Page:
Hillary Clinton speaks during a campaign rally in Detroit. Justin Sullivan/Getty Images


Donald Trump promised during the campaign that he would buck history and win the union vote for Republicans. In the end, he didn’t win a majority among union households nationwide. But he did cut into President Barack Obama’s margin with union households, helping Republicans to flip crucial swing-states in their favor — including Ohio, Pennsylvania, Wisconsin and Michigan.

Organized labor’s get-out-the-vote effort this year was every bit as robust in 2016 as in previous recent elections, said Peter Olney, former organizing director for the International Longshore and Warehouse Union, who advised several national unions on electoral efforts this year.

“Labor put its shoulder to the wheel and worked hard to elect Clinton,” Olney said. “The AFL-CIO put together a very strong ground game.”

That included extensive communications to members explaining the federation’s endorsement of the Democratic ticket. Individual unions mobilized tens of thousands of volunteers nationwide for phone banking and door-to-door canvassing aimed at fellow union members, friends and family, and the general public.

Still, said Olney, “labor was not able to convince its members — in the significant ways it had done for Obama — to vote for the Democratic nominee. And that’s particularly true in the hard-hit Rust Belt states like Ohio, Pennsylvania and Wisconsin.”

Exit polls from Edison Research and CNN show that Hillary Clinton won union households nationwide — by 51 percent to 43 percent. She won union households by even larger margins in Michigan (53 percent to 40 percent) and Wisconsin (53 percent to 43 percent), though she lost that vote to Trump in Ohio (by 42 percent to 54 percent).

In 2008 and 2012, Obama won union households by nearly 60 percent, according to exit polls. Trump, meanwhile, improved on the performance of his recent Republican predecessors. His 43 percent share of union households beat the union vote gained by George W. Bush, John McCain and Mitt Romney.

Olney said a more progressive Democratic message from the Clinton-Kaine ticket — including more aggressive attacks on Wall Street and free trade — would have cut into Trump’s appeal with union voters.

Jan Soltys, a former UAW autoworker at a Chrysler plant in Northern Illinois, agreed.

“I’m angry, just like everybody else,” Soltys said. “I’m still hurting from the recession. You hear about everything being great — it’s really not for everybody.”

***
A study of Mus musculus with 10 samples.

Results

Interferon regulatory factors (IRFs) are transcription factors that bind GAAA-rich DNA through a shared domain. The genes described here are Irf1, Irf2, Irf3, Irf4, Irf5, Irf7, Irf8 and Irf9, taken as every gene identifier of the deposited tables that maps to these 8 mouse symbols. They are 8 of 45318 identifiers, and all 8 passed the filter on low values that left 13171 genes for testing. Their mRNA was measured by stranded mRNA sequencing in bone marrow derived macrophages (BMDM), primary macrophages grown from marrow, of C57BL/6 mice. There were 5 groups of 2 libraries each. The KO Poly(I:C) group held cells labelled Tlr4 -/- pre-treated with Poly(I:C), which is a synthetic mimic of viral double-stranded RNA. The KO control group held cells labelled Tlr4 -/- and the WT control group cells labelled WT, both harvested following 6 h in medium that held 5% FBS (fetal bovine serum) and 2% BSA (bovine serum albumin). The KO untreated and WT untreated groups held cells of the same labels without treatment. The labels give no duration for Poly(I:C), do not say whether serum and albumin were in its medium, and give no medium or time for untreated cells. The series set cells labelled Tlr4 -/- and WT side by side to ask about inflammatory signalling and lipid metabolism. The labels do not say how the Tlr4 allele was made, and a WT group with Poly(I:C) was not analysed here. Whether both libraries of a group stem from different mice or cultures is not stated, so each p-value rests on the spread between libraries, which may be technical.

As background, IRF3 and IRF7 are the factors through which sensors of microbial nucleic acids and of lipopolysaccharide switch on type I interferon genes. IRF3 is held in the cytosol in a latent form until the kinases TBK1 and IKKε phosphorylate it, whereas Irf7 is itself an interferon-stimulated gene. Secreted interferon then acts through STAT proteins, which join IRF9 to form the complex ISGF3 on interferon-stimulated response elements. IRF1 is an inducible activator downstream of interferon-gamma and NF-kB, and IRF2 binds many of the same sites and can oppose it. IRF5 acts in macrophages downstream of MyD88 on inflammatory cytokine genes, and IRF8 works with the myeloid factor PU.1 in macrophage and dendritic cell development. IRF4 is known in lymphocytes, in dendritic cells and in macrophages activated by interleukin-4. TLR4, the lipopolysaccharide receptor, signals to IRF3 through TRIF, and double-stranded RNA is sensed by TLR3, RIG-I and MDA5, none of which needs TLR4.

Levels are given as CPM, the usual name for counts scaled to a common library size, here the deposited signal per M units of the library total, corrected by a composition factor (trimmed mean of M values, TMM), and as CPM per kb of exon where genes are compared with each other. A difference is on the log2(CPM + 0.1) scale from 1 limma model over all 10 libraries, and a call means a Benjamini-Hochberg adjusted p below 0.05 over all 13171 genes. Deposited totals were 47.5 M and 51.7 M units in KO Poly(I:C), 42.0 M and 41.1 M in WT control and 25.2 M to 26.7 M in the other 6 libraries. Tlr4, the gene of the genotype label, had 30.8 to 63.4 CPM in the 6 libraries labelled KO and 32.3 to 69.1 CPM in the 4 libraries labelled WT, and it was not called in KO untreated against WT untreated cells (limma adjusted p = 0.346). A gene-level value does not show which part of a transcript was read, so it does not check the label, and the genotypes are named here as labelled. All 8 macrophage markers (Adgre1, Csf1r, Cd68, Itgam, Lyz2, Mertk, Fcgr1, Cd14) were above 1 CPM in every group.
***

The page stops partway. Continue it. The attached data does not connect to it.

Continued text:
Soltys supported Bernie Sanders in the primaries, and didn’t support either major-party candidate in the general election. She said a lot of union autoworkers she knows bucked the UAW’s endorsement of Hillary Clinton and backed Trump. She said even though Obama rescued the auto industry, many UAW workers experienced pay and benefit cuts.

“It’s symbolic of this whole new economy,” she said. “Even if you’re at Chrysler — you work twice as hard at what was once a really good job, and you aren’t going to make the same money as the people before you.”

That’s just the kind of blue-collar backsliding that Trump promised to fix as he went after traditionally Democratic voters in the election. 

Economist Michael Strain at the conservative American Enterprise Institute said Democrats must now be asking themselves “whether the traditional coalition and traditional allies — of which labor unions were a huge part — came through and are enough” to achieve victory in national elections. And Strain said Democrats’ problem is heightened by the precipitous decline of union membership in recent decades.

But Lawrence Mishel, president of the progressive Economic Policy Institute, said the defeat of Hillary Clinton and her allies sends a different message: that the neoliberal, pro-free-trade wing of the Democratic Party can’t attract enough working-class votes to win national elections.

“There needs to be a populist progressive policy agenda,” Mishel said, “and that’s the agenda of labor.”